Meet the new Nom, a food lover’s photo-sharing dream

People will never stop talking on the internet about what’s for dinner.

The massive reach and engagement of new media properties like Tastemade, which offers short video cooking lessons, or BuzzFeed’s Tasty channel are proof the trend is still going strong in the U.S.

So perhaps it’s no surprise to see YouTube co-founder Steve Chen and former YouTube engineering lead Vijay Karunamurthy back in the digital media business with an app called Nom that’s all about food.

The app, which is available for iOS or Android devices, was developed with the social media habits of food lovers in mind, whether they’re diners, home cooks or Michelin-rated chefs.

At its heart, Nom is a social media platform that feels like a cousin of Instagram, Facebook or Snapchat. But Nom allows users to mix media very freely, with its latest redesign available today.


Let’s say you want to cook something challenging and take your friends and followers along with you for the experience. You could start your story by posting a picture of a recipe card to your Nom story, telling everyone what your plans are.

Later, you can add a video of yourself shopping for ingredients at the farmer’s market on the story, followed by still photos showing your food prep in stages back home. You could cap the story with a final live stream of you and a loved one taking the dish out of the oven and taking a first bite.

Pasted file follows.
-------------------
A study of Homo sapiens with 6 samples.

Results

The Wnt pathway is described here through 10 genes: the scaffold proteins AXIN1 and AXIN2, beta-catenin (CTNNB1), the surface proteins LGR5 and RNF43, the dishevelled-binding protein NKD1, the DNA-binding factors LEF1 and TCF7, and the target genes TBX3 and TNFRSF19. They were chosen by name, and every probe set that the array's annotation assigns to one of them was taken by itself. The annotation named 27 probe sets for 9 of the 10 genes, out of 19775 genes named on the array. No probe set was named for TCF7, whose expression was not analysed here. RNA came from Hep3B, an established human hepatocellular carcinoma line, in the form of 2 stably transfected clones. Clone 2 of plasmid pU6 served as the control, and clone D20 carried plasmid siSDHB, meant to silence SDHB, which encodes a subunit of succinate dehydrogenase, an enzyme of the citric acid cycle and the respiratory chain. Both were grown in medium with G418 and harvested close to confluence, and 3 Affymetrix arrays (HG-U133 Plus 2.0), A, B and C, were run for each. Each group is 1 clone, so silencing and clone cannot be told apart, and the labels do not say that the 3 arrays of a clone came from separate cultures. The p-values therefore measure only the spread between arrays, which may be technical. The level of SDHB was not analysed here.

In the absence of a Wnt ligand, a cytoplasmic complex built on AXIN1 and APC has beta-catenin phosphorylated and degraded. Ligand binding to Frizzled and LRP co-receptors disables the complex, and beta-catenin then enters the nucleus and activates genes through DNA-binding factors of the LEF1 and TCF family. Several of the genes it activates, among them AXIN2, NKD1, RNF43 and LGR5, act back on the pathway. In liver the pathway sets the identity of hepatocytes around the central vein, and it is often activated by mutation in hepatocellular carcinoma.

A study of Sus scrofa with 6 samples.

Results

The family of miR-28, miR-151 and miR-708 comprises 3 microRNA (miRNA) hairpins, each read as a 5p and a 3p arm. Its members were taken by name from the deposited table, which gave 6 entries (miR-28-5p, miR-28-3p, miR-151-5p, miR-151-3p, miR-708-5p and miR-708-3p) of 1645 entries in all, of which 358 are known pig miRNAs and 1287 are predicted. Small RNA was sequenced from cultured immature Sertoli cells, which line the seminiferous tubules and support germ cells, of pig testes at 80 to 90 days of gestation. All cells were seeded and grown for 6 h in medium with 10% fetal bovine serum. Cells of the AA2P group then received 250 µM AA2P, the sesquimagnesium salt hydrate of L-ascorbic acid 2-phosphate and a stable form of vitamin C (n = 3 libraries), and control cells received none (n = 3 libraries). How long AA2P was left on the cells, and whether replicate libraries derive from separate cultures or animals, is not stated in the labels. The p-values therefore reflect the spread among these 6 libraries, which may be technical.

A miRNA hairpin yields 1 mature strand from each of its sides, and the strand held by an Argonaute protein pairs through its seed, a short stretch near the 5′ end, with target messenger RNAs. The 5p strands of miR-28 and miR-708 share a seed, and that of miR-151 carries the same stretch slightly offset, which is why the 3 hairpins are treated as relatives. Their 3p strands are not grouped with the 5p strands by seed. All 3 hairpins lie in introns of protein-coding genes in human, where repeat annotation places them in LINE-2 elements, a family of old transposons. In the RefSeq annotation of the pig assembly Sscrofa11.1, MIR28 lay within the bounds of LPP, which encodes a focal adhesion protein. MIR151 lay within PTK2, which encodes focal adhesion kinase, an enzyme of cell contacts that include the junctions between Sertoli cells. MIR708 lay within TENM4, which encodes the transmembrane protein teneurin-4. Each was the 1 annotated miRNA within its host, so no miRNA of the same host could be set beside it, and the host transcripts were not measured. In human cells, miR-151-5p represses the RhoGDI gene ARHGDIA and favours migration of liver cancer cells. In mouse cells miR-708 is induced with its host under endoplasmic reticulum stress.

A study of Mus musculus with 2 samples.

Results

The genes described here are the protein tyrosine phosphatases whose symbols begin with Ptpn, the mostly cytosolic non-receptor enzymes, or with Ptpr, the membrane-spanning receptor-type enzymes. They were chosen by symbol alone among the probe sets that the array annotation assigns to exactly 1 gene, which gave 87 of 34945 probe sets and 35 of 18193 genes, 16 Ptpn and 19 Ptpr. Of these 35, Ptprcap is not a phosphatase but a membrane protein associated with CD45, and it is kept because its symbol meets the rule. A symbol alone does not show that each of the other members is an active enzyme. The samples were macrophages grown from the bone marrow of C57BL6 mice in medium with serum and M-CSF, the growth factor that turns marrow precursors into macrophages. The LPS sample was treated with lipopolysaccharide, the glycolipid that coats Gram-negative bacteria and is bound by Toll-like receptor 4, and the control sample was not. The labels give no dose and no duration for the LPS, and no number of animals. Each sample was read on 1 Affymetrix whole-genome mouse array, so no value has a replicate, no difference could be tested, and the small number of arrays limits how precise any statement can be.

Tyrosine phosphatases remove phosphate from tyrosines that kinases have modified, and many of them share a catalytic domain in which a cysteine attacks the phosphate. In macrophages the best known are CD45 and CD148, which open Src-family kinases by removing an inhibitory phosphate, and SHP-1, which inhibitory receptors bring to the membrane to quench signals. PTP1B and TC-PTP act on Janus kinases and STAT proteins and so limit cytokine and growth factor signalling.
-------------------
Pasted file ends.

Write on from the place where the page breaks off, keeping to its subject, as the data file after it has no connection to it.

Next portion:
Along the way followers can comment and ask questions, or “heart” any component of your story.

Chen said since leaving YouTube, he has invested in several restaurants and come to appreciate great culinary experiences around the world. Among others, he’s backed Quince in San Francisco, which has attained a coveted, three-star Michelin rating this year.

A shared passion for food led him to develop Nom with Karunamurthy, he said. The two are focused on building Nom into a powerful enthusiast community around food, as well as helping culinary talents, dishes and restaurants get discovered by users there.

But they also said the platform behind Nom could eventually expand into other verticals.

That’s the long-term potential, Chen said. For now, Nom is more excited about its redesign and content from professional chefs going live on the app, including from Michael Tusk, Corey Lee, Tim Hollingsworth and Brandon Jew.

Brandon Jew, whose new Chinese-American restaurant in San Francisco scored a Michelin star rating this year, just makes one request of diners who may use Nom at Mister Jiu’s — no flash photography, please.